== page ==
Pussy Riot punk band verdict caps rocky first hundred days for Putin

Since it began on May 7, Putin's third term in the Kremlin has appeared mostly defensive and downbeat.

Alexei Nikolsky/RIA Novosti/Kremlin/Reuters
Russian President Vladimir Putin attends a meeting with the commissioners for Human Rights in the Russian Federation held in Moscow's Kremlin, on Aug. 16.

The verdict in the trial of the feminist punk rockers Pussy Riot comes barely more than 100 days into Vladimir Putin's new term as Russian president — a notably hard hundred.

Since it began on May 7, Putin's third term in the Kremlin has appeared mostly defensive and downbeat. The swagger and brag of his first two terms is absent; he hasn't even made one of his trademark TV appearances with wild animals or engaged in manly, bare-chested sports.

Instead, the focus has been on opponents, either real or imagined — mostly trying to keep them at bay, but occasionally making awkward attempts to engage them.

Some of the highlights of Putin's first hundred days.

CLASS CONSCIOUSNESS

One of Putin's first actions as president was to appoint as presidential envoy to the Ural Mountains region a hard-faced tank factory worker named Igor Kholmanskikh, who had no formal qualifications for the job. His main selling point: Kholmanskikh had earned Putin's gratitude by appearing on national television, vowing that he and his co-workers were ready to come to Moscow to fight protesters who had started rising up en masse.

The appointment underlined Putin's characterization of the protesters as a pampered and deluded elite and suggested he could try to exploit class resentments. "He has rejected pretensions of being the president of all Russia ... he has started to work exclusively with the image of 'the leader of the simple people'," author and commentator Boris Akunin wrote in his blog this week.

CONTROVERSIAL LAWS

Under one of the signature measures passed during Putin's first 100 days, the maximum fine for participating in unauthorized protests shot up 150 times, to 300,000 rubles (about $9,000). Authorities so far have given permission to hold occasional mass protests, but that leash could be reeled in at any time.

Soon afterward came a law requiring non-governmental organizations engaging in ill-defined "political activity" and receiving money from abroad to register as foreign agents. The law reinforces Putin's repeated claims that the United States and the West are funding efforts against him and plays to the strong streak of nationalism in Russia. But it could also be read as a tacit confession of weakness — that a vast and proud country is nonetheless very vulnerable.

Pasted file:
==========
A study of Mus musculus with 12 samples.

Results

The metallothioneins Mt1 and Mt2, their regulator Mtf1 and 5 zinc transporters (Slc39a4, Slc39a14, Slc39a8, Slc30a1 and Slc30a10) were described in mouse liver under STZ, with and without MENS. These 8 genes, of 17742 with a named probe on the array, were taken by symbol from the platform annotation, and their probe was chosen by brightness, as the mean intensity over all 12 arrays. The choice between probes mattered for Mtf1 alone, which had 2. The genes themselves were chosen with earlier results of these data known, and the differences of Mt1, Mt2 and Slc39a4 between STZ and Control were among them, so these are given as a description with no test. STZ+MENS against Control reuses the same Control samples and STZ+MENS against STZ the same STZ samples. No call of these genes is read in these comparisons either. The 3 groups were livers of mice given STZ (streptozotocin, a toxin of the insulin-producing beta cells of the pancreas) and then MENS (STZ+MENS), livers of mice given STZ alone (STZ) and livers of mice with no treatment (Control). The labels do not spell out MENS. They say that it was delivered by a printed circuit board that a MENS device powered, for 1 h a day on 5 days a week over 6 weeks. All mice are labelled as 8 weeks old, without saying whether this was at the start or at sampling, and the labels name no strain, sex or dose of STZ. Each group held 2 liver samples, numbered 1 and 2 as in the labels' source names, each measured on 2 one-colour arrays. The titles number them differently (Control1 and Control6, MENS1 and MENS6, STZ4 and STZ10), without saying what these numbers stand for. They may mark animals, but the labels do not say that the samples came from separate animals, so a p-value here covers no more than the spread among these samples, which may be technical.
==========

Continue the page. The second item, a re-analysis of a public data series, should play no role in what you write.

Another new law calls for a blacklist to ban websites that carry content deemed harmful to children. But the list itself will be kept secret and critics say the law could be used to shut down troublesome pro-opposition sites.

CLUMSY CONCILIATION

Amid the flurry of tough and ominous measures, Putin has made a couple of small attempts to appear less rigid, though with questionable success.

In a visit to a camp for politically active youth, Putin said his notorious remark likening the opposition demonstrators' white ribbon symbol to condoms wasn't intended as an insult. Instead, he said, he meant he was offended that they were using a foreign-inspired political "technology."

Two weeks ago, he said he hoped the punishment for Pussy Riot's guerrilla performance in Moscow's main Orthodox cathedral would not be "too severe." That skirted the question of whether the past five months that the band members have spent in jail wasn't severe.

WHAT'S AHEAD

With more than 2,000 days to go in his current term, Putin faces some significant challenges.

Most immediately, the opposition will try to revive the mass demonstrations that went on hiatus during the summer vacation season. Organizers have called for the next one in Moscow to be held Sept. 15. There's no word yet on whether city authorities will give permission for it, and whether large numbers of protesters would risk running afoul of the new tough law on unauthorized demonstrations.

Much of Putin's power stems from the prosperity that took hold of Russia during his previous terms. But that hinges to a large extent on oil and gas exports, both of which are vulnerable. Extensive shale gas development outside Russia could reduce revenues for the Kremlin's coffers and deprive Russia of some of the political leverage it has overseas.

But Putin has at least one presumably happy time to look forward to — the 2014 Winter Olympics in Sochi. Winning the bid was a standout moment of his previous time in the Kremlin and he's sure to put the full force of his power into holding games that will attract millions of admiring eyes to Russia.